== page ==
Scottish farmers have been warned that they face a “brutal” first step to transition to area payments in 2015 rather than the soft landing they were originally promised.
NFU Scotland president Nigel Miller told a seminar at the Agriscot winter fair in Ingliston that they faced “less of a transition and more a cliff face”.
The event was attended by hundreds of farmers and watched by the Scottish government’s rural affairs secretary, Richard Lochhead.
Mr Miller said the consequences of budget cuts, the introduction of standard greening and a 10-20% movement in transition in year one of the CAP made for a severe scenario.
He said: “I’m not sure if there’s room for manoeuvre at this stage. If there’s not a better model, then sure as hell the government has to get out there and tell people what they’re facing because this is something that banks and business plans will have to bring us through. At the moment people haven’t appreciated how brutal the process is going to be.”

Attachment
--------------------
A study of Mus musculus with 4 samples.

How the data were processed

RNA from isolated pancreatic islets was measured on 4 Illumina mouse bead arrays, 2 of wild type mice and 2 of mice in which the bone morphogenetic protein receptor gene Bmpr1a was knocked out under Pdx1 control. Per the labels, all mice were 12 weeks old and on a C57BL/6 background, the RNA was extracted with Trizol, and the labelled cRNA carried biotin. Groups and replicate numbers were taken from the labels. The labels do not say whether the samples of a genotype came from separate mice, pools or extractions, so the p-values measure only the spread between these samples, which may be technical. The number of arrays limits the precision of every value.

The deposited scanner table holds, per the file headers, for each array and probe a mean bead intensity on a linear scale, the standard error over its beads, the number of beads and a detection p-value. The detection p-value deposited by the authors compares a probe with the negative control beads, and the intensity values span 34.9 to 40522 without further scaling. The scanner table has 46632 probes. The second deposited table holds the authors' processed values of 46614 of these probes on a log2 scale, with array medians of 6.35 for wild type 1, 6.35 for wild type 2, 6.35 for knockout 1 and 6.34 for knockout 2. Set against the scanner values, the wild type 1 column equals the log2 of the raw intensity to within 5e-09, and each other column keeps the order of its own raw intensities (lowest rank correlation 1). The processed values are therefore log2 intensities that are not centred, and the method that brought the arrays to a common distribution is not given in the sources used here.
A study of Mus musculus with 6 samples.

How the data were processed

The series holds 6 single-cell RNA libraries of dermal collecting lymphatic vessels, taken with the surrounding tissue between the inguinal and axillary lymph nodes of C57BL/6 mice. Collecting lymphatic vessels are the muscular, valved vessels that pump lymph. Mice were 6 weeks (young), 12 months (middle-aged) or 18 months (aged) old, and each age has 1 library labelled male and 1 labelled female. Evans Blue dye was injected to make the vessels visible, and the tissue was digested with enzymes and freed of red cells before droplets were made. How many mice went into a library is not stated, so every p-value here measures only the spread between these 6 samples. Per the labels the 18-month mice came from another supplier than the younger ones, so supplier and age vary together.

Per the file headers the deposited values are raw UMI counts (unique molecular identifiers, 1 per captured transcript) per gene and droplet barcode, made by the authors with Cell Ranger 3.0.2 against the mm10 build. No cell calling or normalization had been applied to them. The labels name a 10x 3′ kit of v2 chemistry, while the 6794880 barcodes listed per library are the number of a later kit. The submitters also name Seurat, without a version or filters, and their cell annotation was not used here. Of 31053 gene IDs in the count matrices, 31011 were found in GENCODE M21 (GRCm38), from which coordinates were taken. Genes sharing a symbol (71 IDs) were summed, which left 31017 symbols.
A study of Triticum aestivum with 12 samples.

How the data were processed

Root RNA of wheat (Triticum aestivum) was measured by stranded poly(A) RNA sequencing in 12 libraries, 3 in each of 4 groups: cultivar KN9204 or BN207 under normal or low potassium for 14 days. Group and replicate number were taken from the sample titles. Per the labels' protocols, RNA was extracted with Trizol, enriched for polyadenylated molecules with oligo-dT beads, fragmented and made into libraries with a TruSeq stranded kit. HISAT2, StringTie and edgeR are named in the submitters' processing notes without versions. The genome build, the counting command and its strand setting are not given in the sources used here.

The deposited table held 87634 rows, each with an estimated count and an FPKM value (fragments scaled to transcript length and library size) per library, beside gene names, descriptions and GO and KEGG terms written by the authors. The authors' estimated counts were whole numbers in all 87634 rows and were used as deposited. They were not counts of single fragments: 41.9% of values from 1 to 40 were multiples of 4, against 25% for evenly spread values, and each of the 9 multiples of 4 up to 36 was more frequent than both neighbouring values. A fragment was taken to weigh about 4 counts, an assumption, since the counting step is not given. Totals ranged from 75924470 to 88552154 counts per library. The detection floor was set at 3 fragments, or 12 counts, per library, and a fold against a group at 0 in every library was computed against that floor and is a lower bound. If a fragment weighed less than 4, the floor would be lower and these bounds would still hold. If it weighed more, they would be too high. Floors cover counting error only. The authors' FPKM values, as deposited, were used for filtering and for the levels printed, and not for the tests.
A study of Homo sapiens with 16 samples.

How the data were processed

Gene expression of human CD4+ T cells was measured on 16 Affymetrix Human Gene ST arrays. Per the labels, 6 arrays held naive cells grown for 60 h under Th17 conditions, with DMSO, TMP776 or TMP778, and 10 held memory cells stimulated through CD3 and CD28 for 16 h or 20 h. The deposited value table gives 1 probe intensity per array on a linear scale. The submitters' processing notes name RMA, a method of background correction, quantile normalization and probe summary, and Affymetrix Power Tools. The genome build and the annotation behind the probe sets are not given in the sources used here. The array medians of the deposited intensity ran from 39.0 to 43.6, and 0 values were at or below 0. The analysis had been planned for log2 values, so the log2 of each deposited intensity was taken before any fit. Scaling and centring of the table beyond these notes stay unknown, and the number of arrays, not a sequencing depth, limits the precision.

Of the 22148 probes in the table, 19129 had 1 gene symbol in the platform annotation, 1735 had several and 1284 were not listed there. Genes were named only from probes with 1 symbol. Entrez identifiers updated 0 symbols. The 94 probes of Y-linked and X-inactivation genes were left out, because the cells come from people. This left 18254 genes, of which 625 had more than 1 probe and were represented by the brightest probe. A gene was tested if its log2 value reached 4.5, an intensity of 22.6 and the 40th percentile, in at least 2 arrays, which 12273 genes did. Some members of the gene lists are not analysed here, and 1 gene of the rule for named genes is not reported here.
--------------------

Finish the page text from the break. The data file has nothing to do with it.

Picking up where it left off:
Scotland, Wales and the Netherlands are the only three countries to opt for a five-year transition process, and Mr Miller claimed that while the original proposals had looked attractive, it was clear that the majority of producers would now get no benefit from this staged transition.
He cited the example of a beef farmer in Mr Lochhead’s Moray constituency who, he said, was projected to lose 30% of his Pillar 1 payments in 2015.
“That’s a fair chunk of money. If you employ someone, can you afford to continue? It certainly means not buying machinery or making any investment so secondary industries will take an immediate hit. That’s not what we thought of as a soft landing,” he said.
“Maybe now is a time to reflect on that five-stage process we’re currently engaging in. Wales claims to have a smoother process with their five steps.“
Mr Lochhead said he was confident the Scottish government had made the best use of resources in the face of an appalling budget.